For my first true crime story, where we know who did it (although the why might be a little fuzzy), I decided to go with someone you probably haven't heard of.... And is a woman.
Male serial killers get a lot of attention, but Magdalena ended up with the title "High Priestess of Blood." The lesson here is: anyone can be a serial killer. And I would probably like to add the caveat that anyone can be a serial killer, especially when they're involved in a cult.
I heard about this one from a show on Youtube called "Murder with Friends." They've covered Charles Manson and Elizabeth Bathory, and I think this one sort of combines the two.
Magdalena Solis's story has the cult aspect of Manson and the absolute buckets of blood and gore from Bathory.
Big trigger warnings for blood, gore, and sexual abuse.
But what's interesting is, Magdalena isn't even a part of the cult to begin with. The cult began with Santos and Cayetano Hernandez in 1962. The criminal brothers were hoping to take advantage of the poor and generally illiterate town of Yerba Buena in Mexico. They sold themselves as prophets and priests of Incan gods, promising the people wealth hidden in the mountains if they paid the brothers tribute.
The people went along and were sexually abused by the brothers for a few months, but the people grew impatient with not receiving their power or treasure. So, they looked into local female sex workers to join in their scam. They met Magdalena Solis and her brother, bringing the two of them into the mix.
She was billed as a high priestess, and the power seemed to go to her head. The cult's drug-fueled orgies escalated and continued.
But even with the new additions, some people wanted to leave. Solis turned the rest of the cult on the first two people who wanted to leave, lynching them on the spot.
That seemed to ignite a thirst for blood in Magdalena. From then on, when someone expressed dissent they would be used in a blood sacrifice, based on Aztec rituals.
The sacrifice involved:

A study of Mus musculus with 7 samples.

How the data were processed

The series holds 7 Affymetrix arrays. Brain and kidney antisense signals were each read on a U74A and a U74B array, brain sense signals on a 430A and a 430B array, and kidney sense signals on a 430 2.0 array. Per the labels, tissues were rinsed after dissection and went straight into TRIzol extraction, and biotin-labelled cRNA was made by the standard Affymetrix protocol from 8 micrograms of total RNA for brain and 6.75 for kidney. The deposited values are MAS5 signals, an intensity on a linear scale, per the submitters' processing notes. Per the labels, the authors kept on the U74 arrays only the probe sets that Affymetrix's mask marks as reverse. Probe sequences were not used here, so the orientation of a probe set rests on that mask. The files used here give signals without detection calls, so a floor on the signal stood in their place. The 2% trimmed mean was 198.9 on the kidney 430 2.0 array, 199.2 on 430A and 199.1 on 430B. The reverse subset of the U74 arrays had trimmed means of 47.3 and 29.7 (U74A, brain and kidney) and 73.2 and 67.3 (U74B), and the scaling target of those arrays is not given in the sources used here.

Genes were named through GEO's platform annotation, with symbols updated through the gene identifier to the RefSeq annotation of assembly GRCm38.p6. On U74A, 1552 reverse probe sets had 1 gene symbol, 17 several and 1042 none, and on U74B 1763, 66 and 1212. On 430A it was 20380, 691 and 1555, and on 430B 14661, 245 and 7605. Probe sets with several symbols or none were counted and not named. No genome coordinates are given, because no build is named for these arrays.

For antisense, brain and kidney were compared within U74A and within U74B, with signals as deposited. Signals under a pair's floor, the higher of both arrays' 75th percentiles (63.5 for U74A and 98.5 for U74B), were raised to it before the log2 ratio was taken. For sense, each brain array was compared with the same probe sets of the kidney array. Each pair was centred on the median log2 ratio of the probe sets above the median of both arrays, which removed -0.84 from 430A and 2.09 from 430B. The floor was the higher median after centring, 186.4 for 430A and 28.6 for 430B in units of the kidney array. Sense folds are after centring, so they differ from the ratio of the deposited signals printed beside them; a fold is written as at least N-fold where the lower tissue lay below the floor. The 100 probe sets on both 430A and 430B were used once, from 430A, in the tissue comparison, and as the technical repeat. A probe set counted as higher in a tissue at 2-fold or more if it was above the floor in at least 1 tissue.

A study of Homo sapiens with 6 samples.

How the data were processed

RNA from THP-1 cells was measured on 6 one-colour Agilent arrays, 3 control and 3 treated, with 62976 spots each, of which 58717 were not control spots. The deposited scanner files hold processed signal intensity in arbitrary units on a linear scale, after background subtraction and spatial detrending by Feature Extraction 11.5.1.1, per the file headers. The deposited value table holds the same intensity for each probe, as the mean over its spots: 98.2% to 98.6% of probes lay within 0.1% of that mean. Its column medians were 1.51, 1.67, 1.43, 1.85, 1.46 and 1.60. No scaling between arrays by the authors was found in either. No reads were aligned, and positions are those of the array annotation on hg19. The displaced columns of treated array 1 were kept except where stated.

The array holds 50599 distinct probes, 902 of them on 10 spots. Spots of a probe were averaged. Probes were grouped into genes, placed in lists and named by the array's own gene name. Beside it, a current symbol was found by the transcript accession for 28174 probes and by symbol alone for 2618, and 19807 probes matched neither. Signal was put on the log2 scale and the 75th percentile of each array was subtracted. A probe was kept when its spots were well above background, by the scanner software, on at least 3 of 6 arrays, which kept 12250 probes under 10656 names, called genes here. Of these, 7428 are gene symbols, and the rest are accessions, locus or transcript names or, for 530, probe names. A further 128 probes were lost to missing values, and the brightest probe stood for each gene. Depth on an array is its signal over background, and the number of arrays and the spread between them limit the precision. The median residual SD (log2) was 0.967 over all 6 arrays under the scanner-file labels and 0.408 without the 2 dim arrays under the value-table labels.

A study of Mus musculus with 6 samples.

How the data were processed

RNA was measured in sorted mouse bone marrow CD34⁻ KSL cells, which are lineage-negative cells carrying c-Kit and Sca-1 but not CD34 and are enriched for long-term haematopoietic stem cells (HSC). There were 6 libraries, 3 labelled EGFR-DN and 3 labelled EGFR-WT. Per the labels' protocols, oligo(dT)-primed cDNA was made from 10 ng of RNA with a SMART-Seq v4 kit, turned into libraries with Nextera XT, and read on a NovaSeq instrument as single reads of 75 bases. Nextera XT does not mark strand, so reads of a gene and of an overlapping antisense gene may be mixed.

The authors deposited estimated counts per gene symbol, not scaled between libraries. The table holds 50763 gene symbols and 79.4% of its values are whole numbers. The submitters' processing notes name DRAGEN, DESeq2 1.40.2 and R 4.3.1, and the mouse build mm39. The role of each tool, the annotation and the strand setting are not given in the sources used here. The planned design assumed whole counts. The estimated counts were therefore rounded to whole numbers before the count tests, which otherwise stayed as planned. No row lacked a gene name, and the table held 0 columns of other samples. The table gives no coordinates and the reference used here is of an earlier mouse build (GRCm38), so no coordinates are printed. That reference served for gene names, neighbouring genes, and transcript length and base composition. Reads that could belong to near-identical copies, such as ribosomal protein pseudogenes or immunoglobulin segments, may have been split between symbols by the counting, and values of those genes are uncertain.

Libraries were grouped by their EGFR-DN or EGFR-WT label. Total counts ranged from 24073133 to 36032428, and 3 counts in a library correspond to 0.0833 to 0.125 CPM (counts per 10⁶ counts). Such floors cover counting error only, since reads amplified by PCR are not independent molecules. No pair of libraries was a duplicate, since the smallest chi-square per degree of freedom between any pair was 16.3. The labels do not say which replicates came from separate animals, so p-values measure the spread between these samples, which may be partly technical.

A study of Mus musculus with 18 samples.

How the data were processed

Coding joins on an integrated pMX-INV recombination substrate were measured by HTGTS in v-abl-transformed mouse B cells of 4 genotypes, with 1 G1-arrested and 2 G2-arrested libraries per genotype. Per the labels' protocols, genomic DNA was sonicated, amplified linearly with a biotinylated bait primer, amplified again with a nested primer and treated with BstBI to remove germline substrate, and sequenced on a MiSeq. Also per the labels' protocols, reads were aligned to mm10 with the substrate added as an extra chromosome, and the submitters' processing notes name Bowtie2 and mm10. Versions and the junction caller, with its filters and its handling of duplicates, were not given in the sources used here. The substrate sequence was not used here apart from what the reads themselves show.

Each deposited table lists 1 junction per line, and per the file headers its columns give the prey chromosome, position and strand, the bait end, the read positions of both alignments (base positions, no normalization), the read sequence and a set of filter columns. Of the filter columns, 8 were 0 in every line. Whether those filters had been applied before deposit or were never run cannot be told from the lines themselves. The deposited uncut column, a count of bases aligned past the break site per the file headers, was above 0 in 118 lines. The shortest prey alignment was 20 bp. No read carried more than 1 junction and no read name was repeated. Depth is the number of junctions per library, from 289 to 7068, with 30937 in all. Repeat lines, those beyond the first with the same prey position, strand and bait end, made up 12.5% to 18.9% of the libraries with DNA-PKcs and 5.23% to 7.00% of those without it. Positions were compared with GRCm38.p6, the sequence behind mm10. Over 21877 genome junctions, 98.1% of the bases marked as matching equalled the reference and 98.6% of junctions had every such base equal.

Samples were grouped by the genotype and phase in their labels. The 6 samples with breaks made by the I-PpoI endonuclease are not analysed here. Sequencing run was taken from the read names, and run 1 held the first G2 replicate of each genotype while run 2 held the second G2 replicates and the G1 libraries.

- Beating, burning, maiming by the cult members
- Bloodletting (until the victim died)
- Animal Sacrifice
- Hallucinatory drug use
- each member of the cult drinking from the chalice of human and animal blood
Towards the end of the sacrifices, the ritual also involved cutting out the victim's heart while they were still alive (it makes Temple of Doom sound like a Disney princess movie).
But this escalation of the ritual will come into play for the cult's last two victims.
By now, the cult was operating out of a cave in the mountains near the town. In May of 1963 Sebastian Guerrero, a 14 year old from the town (the town was still there, only a fraction had left to join the cult), wandered too close to that cave. What he saw propelled him to run 17 miles to the nearest police station, describing the cult as:
The police laughed it off, sending one officer off with the boy the next day to take him home. Along the way, the Guerrero was able to show the officer where he had seen the so-called vampires.
The Guerrero and the officer were never seen—alive—again.
After the officer didn't return, the police were finally alarmed. The police finally sent a team—along with the army—to the site. They found the officer with his heart ripped out and the mutilated body of Guerrero. After a shootout, they were able to arrest Solis and her brother, sentencing them for 50 years each for the two murders.
They could not connect them to other killings by the cult because the surviving members of it would not testify against them. The other members received 30 years each, however, for their involvement.
When I first saw the video for this one, especially with the thumbnail you can see above, I was expecting some ancient religious sect—or to just be discussing the Aztecs. I was definitely not expecting something as recent as the 1960s. I also have a fascination with female killers (Christina Ricci as Lizzie Borden is perfection), and couldn't believe I had never come across Solis.
As a sex worker with an impoverished childhood, this was Solis's chance to be in power, be in control. It reminds me of the Salem Witch Trials, where I also see a case of women (girls) taking advantage at, perhaps, the only chance they would have to be in a position of power. And Solis was sure to see just how far she could push that power.
Had you heard of Solis? Does she remind you of any other cases (she clearly reminded me of a lot)?